Series: Taken #1
Published by HarperTeen on April 16, 2013
They call it the Heist.
Gray Weathersby’s eighteenth birthday is mere months away, and he’s prepared to meet his fate–until he finds a strange note from his mother and starts to question everything he’s been raised to accept: the Council leaders and their obvious secrets. The Heist itself. And what lies beyond the Wall that surrounds Claysoot–a structure that no one can cross and survive.
Climbing the Wall is suicide, but what comes after the Heist could be worse. Should he sit back and wait to be taken–or risk everything on the hope of the other side?
There are books that you instantly know how exactly you feel, and there are books that you have to think about for a while. Taken was a mixture of both.
In the town of Claysoot, at the age of eighteen, males are "spirited" away. What happens to the men? Where are they taken? No one knows. The Heist is cause for both celebration and sorrow. With Gray's time to be part of the Heist drawing closer and closer, he soon realizes that there is much more to the Heist than he ever realized.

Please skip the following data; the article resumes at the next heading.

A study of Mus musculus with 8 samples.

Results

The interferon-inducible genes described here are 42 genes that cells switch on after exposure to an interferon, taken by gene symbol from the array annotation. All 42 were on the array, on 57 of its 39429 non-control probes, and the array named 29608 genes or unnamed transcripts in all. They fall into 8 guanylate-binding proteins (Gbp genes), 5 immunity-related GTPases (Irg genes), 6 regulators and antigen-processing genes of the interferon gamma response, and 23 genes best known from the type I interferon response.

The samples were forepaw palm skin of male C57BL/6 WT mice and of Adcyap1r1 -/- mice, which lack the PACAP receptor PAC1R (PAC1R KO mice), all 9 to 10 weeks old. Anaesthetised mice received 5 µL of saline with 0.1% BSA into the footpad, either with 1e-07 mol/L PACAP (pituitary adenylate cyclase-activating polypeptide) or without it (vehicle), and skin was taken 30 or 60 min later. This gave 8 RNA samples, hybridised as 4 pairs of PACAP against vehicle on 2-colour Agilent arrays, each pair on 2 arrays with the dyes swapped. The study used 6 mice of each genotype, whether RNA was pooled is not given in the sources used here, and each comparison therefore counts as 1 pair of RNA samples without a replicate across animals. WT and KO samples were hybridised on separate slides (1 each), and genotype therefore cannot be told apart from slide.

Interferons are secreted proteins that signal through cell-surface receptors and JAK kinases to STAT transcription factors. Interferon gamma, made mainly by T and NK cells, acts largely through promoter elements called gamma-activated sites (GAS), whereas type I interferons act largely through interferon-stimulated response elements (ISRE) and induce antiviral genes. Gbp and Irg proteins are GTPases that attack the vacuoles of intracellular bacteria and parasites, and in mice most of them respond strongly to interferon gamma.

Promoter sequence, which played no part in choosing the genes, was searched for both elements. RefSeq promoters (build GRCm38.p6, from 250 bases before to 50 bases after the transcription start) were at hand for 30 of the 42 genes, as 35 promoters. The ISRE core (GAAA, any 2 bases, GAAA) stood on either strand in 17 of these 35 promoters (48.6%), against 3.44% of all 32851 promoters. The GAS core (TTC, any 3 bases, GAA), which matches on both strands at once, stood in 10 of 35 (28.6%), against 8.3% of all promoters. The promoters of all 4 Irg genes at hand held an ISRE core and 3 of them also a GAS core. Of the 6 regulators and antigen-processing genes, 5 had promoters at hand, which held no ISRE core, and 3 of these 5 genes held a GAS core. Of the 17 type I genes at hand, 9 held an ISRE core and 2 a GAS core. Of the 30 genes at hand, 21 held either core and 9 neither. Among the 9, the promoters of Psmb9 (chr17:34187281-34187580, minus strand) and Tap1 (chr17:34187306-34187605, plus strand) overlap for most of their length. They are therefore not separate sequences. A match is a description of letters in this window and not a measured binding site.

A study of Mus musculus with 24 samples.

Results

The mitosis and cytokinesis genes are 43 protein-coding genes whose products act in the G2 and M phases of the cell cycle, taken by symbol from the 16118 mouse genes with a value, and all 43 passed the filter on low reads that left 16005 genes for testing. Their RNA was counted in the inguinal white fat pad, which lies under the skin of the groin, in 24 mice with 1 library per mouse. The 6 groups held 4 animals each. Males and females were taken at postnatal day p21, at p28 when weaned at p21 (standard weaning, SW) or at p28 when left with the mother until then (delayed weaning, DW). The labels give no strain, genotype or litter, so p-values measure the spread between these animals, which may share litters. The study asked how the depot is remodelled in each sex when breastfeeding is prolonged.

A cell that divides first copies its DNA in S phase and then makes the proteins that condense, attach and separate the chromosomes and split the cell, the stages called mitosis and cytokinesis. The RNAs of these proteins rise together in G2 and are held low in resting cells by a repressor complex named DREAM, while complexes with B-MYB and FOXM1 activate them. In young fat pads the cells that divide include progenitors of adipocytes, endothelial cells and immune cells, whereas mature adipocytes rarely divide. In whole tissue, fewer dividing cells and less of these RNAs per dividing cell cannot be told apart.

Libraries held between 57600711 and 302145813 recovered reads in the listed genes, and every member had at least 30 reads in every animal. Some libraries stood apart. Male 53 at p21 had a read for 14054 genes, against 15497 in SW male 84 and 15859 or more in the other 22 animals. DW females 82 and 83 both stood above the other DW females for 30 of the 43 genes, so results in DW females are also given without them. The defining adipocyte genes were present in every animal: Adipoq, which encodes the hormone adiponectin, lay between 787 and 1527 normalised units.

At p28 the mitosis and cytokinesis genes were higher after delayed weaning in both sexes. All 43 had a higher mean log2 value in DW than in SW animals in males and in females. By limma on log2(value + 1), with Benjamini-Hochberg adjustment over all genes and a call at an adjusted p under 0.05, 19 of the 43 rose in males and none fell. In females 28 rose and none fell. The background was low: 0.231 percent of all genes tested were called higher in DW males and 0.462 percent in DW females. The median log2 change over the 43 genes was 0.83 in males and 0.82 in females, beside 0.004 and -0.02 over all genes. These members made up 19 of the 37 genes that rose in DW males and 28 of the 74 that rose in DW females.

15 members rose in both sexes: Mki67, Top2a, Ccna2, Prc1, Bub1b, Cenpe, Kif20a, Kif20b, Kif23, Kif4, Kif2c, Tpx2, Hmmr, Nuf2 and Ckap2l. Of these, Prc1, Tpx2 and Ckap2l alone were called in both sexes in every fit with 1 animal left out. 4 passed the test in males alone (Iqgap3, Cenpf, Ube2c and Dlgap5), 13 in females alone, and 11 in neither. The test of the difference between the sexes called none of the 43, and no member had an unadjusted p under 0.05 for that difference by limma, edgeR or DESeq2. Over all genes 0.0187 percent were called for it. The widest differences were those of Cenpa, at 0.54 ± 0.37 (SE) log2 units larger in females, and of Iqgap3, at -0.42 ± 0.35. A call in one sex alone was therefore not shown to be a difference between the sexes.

Taken wins points from me for being told from the male POV. There are not many male POVs that can pull off everything that Gray does. I loved him from page one, and was dying to know more about him and his world. Speaking of the world, Erin Bowman pulls it off beautifully. If you have ever seen The Village (yes, silly movie, I know), then you may have an idea of the feeling of Taken. Sort spooky. Lots of questions that need answers. And a twist that completely takes you off guard.
Lately, I have been having an issue with dystopian reads feeling like they are a rehash of something that I have already seen. But with Taken, it all felt new.
Except for the romance.
With Taken, I feel solidly about the world, the characters, and the twist, but the romance is another story. At first, I loved where Bowman was taking Gray. The love interest is a local girl who is smart, different than the others, one that he has loved from afar. Great! But when things started to be a little fuzzy between them, and the love triangle began, my interest in Gray's love life started to tank. Oh, it is not as bad as some I have come across in the past. But I wanted more from it.
Romance issues aside, I was beyond pleased with Taken. I loved the world, the characters, the back story. It was all fantastic. It is the perfect dystopian for a dystopian lover who is tired of seeing the same old idea over and over again. Taken was fresh and kept me on the edge of my seat from beginning to end.
Will I read the next installment:
Yes! And I want it now. Oh, I have to wait another year? Ok, fine.